Pendley order leaving himself in charge of BLM sidesteps top career official
The latest order keeping the controversial head of the Bureau of Land Management (BLM) in his job after his nomination unraveled is the latest example of how political appointees are shutting out career officials, according to former employees and other critics.
The White House earlier this month pledged to withdraw acting Director William Perry Pendley’s nomination amid a flood of opposition from Democrats and conservation groups citing his history fighting federal ownership of public lands.
Pendley, who has been in the job over a year, remains the de facto head of BLM pursuant to succession orders that he himself signed. Legal experts have said he lacks the authority to take that action.
The succession orders also sidestep the BLM’s department manual, which states that its top career official should lead BLM in the absence of a director.
The BLM’s director position has been vacant for the entirety of the Trump administration. The top two officials below BLM director are deputy director for operations, the top career role in BLM now held by Michael Nedd, and deputy director for policy and programs, a role for political appointees currently filled by Pendley.
It’s Nedd’s role that BLM’s manual specifies should take over when there is not a Senate-confirmed director in place.
“In the absence of the director, the deputy director, operations is the first assistant and acts as the director,” the manual states.
Critics say the move is all about preserving Pendley’s role, even at a time when he likely could not get the 51 votes needed to be confirmed in the Senate — even with the GOP holding a majority.
“At the end of the day, it’s about putting Perry Pendley in charge instead of a career person,” said Aaron Weiss, deputy director of Center for Western Priorities, a public lands watchdog group.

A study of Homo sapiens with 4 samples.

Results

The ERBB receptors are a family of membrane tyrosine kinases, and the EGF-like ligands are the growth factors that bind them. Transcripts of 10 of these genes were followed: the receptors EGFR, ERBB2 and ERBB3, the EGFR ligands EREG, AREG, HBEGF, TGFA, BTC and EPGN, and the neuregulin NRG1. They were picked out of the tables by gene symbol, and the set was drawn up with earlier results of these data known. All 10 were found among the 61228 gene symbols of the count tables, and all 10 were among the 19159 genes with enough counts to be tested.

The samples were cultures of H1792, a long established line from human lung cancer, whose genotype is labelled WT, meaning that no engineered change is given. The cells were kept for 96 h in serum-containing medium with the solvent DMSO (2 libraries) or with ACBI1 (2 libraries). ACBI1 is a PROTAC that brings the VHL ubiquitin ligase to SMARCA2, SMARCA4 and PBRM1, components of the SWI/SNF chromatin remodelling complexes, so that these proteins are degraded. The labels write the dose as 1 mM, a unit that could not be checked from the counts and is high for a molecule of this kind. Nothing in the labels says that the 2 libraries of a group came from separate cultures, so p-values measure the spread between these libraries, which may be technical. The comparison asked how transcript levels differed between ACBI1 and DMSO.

Weiss sees it as part of a broader trend of centralizing land management decisions within the top ranks of the Department of the Interior, particularly in the office of Secretary David Bernhardt.
“He’s centralized all decisionmaking authority in his office in D.C. so no land management decisions can be made by career officials that know what they’re doing.”
Interior said the succession orders that place Pendley in charge instead of Nedd are used “to ensure operational integrity in the absence of certain officials. Having the president’s appointees run the department is required by the Constitution, which vests executive powers in the duly elected representative of the people.”
Critics, however, say Interior is skirting the Constitution by failing to get Senate confirmation for Pendley.
Ray Brady, a former BLM employee now with the Public Lands Foundation, a retiree group for the agency, said the intent of the manual is to “place experienced career professionals in that senior position if the director is not available, including if the position is vacant.”
“Why bypass senior career leaders to place a political person in charge? In my mind that is why the department manual is written that way,” he said, adding that Pendley signing a memo to put himself in charge “appears to be somewhat a conflict of interest.”
Similar legal issues have posed problems in other agencies. The Government Accountability Office recently found several Department of Homeland Security officials were improperly serving in their roles after being appointed by an official not listed in DHS’s out of date succession orders. BLM’s succession marks another departure from the way things were done in the past, said Steve Ellis, who retired from the top career-level position in 2016.
The latest succession order places the assistant director for energy and minerals as No. 3 on the list but doesn’t include any of the other assistant directors.
Ellis said under the Obama administration, the succession order included both the assistant director for energy and minerals and the assistant director for all other resources.
The latest order, he said, shows the importance the Trump administration places on oil and gas development.
“They definitely have a fossil fuel extraction lean in terms of their mission for the BLM,” he said. “BLM is a multiple use agency by law, but they’re tilting it way over to fossil fuels. It’s not balanced right now.”
He said the succession order also reflects another new reality: many of the top career officials are no longer in Washington.
BLM has moved its headquarters to Grand Junction, Colo., leaving only 61 of its employees in Washington. Nedd’s position is slated for Grand Junction, while Pendley’s remains in D.C.
Many of the positions now in Grand Junction were previously in D.C. “so they can be in the bubble, they can talk with Interior and Congress and the Office of Management and Budget,” Ellis said.
“But they’re not there anymore. They’re in Grand Junction I guess.”